Sonoma County bilingual swim program teaches children, parents about water safety
Sebastopol’s Ives Pool buzzed with the sound of giggles and splashing Saturday morning as about 40 children went through a range of water safety lessons with plenty of summertime glee.
With the help of a lifeguard, a group of about six young swimmers worked on basic skills, such as dunking their heads into the water, blowing bubbles and retrieving plastic rings from the bottom of a shallow pool. Older children tried their luck with more advanced techniques, including floating on their back and gliding through the water in a backstroke.
“I learned how to swim on my back,” Leilani Sanchez, 9, of Sebastopol told her mother after the lesson. “I’m so happy.”
Saturday’s free swim lesson was just one of eight hosted by Sonoma County Regional Parks since mid-April as part of its Let’s Go Swimming, or Vamos a Nadar, program.
The program is designed for both kids and their parents, with the children taking to the pool while the parents learn at a water safety class taught in English and Spanish. Proper swim attire, choosing the right-size life jacket and advice on what to do when someone is drowning are among the topics covered in the safety class, said Lesley Pfeiffer, the recreation director for Sonoma County Regional Parks who heads the swimming program.
Both groups converged midsession for a demonstration on using objects such as food coolers or a water noodle to help someone who is struggling to stay afloat. At the end of the course, parents were given a coupon for discounted swim classes at participating pools.
Parents pay $15 for the additional classes while the program covers the rest of the cost, Pfeiffer said. It’s an incentive meant to encourage parents to keep bringing their children to local pools so they can develop their skills, she added.
“We just try to get the kids who are unable to access pools water savvy,” Pfeiffer said. “It’s just knowing what to be prepared for.”
The program has gained traction since its start in 2004, when a spike of drownings at local waterways prompted county officials to increase their messaging about water safety, said Rosiris Guerra, the program’s founder. She believed a longer-term solution was needed, one that would address the fact that many of the drownings involved Latino swimmers, Guerra said.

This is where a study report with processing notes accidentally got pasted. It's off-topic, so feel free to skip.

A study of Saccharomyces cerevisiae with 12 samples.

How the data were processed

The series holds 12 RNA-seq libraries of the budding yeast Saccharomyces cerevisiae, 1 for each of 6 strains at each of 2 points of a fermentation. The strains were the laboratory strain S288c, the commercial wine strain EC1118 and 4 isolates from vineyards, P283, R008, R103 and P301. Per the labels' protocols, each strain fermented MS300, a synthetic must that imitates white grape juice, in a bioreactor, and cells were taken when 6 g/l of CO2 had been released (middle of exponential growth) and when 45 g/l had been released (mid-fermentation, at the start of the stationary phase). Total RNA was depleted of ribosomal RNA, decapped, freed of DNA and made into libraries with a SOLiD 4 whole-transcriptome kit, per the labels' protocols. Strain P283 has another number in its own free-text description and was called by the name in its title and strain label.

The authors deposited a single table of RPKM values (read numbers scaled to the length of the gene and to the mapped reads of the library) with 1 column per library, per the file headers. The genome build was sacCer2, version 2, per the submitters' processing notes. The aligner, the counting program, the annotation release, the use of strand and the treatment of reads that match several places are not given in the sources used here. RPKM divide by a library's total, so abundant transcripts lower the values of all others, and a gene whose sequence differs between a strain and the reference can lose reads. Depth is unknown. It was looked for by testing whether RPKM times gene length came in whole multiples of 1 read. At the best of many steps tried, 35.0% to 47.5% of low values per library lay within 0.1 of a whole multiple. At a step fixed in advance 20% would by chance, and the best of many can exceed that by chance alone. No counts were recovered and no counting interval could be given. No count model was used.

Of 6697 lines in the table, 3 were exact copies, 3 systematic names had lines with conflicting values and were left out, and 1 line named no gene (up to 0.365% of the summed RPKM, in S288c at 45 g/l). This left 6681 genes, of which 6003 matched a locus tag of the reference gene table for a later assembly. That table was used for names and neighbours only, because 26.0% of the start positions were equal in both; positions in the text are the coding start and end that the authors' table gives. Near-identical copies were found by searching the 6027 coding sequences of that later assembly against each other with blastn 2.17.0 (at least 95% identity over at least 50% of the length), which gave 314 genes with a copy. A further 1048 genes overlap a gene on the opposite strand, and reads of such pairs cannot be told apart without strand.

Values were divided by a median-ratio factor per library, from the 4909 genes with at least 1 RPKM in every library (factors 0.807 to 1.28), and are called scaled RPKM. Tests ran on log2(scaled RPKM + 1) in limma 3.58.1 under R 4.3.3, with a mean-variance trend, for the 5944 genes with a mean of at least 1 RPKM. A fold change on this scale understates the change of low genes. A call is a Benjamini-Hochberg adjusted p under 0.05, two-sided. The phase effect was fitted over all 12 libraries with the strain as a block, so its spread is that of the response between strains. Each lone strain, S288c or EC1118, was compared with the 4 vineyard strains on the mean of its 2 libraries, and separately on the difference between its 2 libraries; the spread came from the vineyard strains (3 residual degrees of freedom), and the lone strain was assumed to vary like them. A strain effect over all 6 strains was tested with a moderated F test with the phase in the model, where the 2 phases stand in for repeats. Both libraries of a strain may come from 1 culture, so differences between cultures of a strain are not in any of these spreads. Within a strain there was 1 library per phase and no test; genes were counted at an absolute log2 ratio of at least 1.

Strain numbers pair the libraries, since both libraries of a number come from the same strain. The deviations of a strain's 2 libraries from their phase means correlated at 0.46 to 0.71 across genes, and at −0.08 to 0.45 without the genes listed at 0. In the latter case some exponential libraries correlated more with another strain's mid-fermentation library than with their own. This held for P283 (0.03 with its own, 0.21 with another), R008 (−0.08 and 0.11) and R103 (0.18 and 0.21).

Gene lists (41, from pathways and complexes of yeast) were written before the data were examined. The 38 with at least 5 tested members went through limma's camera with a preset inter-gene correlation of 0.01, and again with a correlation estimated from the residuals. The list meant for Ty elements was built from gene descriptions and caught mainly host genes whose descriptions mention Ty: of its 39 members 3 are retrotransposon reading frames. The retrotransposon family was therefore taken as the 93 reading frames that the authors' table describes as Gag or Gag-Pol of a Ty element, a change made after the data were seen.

“I said, ‘We need to get this generation to change their mindset, to be safer in the water,’?” Guerra said. “The change in mentality, that’s what I’m looking for. The families that come and actually do things that help their children be safer.”
Santa Rosa’s Finley Aquatic Center served as the pilot pool for the program during the first year, but more pools agreed to participate the next summer when high attendance made it was clear that a demand for low-cost swimming classes existed.
Now, nine pools across seven cities in Sonoma County, including Santa Rosa, Rohnert Park, Windsor and Cloverdale, have partnered with Regional Parks to provide the classes. The Sonoma Aquatic Club in Sonoma joined the list for the first time this year, expanding the number of families who have access to the program, Pfeiffer said. As many as 2,000 kids have benefited from the program.
Many of the parents who attended Saturday’s class said they had participated in the Let’s Go Swimming program in the past, mentioning the discounted swim classes and bilingual water safety training as major factors for their return.
That included Cinthia Perez, who brought her 9-year-old daughter for the third time this summer. Before learning about the program, Perez said she avoided taking her children to pools because she feared they might drown or hurt themselves. The discounted swim lessons made it affordable enough for her to enroll both kids, and the experience encouraged her to sign up for beginner swim classes for adults at Ives Pool so she could learn how to swim, too.
“For many families who don’t have the resources, it’s helpful,” she said. “I’m not so tense when I take my kids to the pool.”
One final Let’s Go Swimming event is scheduled for this summer at the Sonoma County YMCA in Santa Rosa on June 23. For information and registration, call 707-565-8034.
You can reach Staff Writer Nashelly Chavez at 707-521-5203 or email@example.com. On Twitter ?@nashellytweets.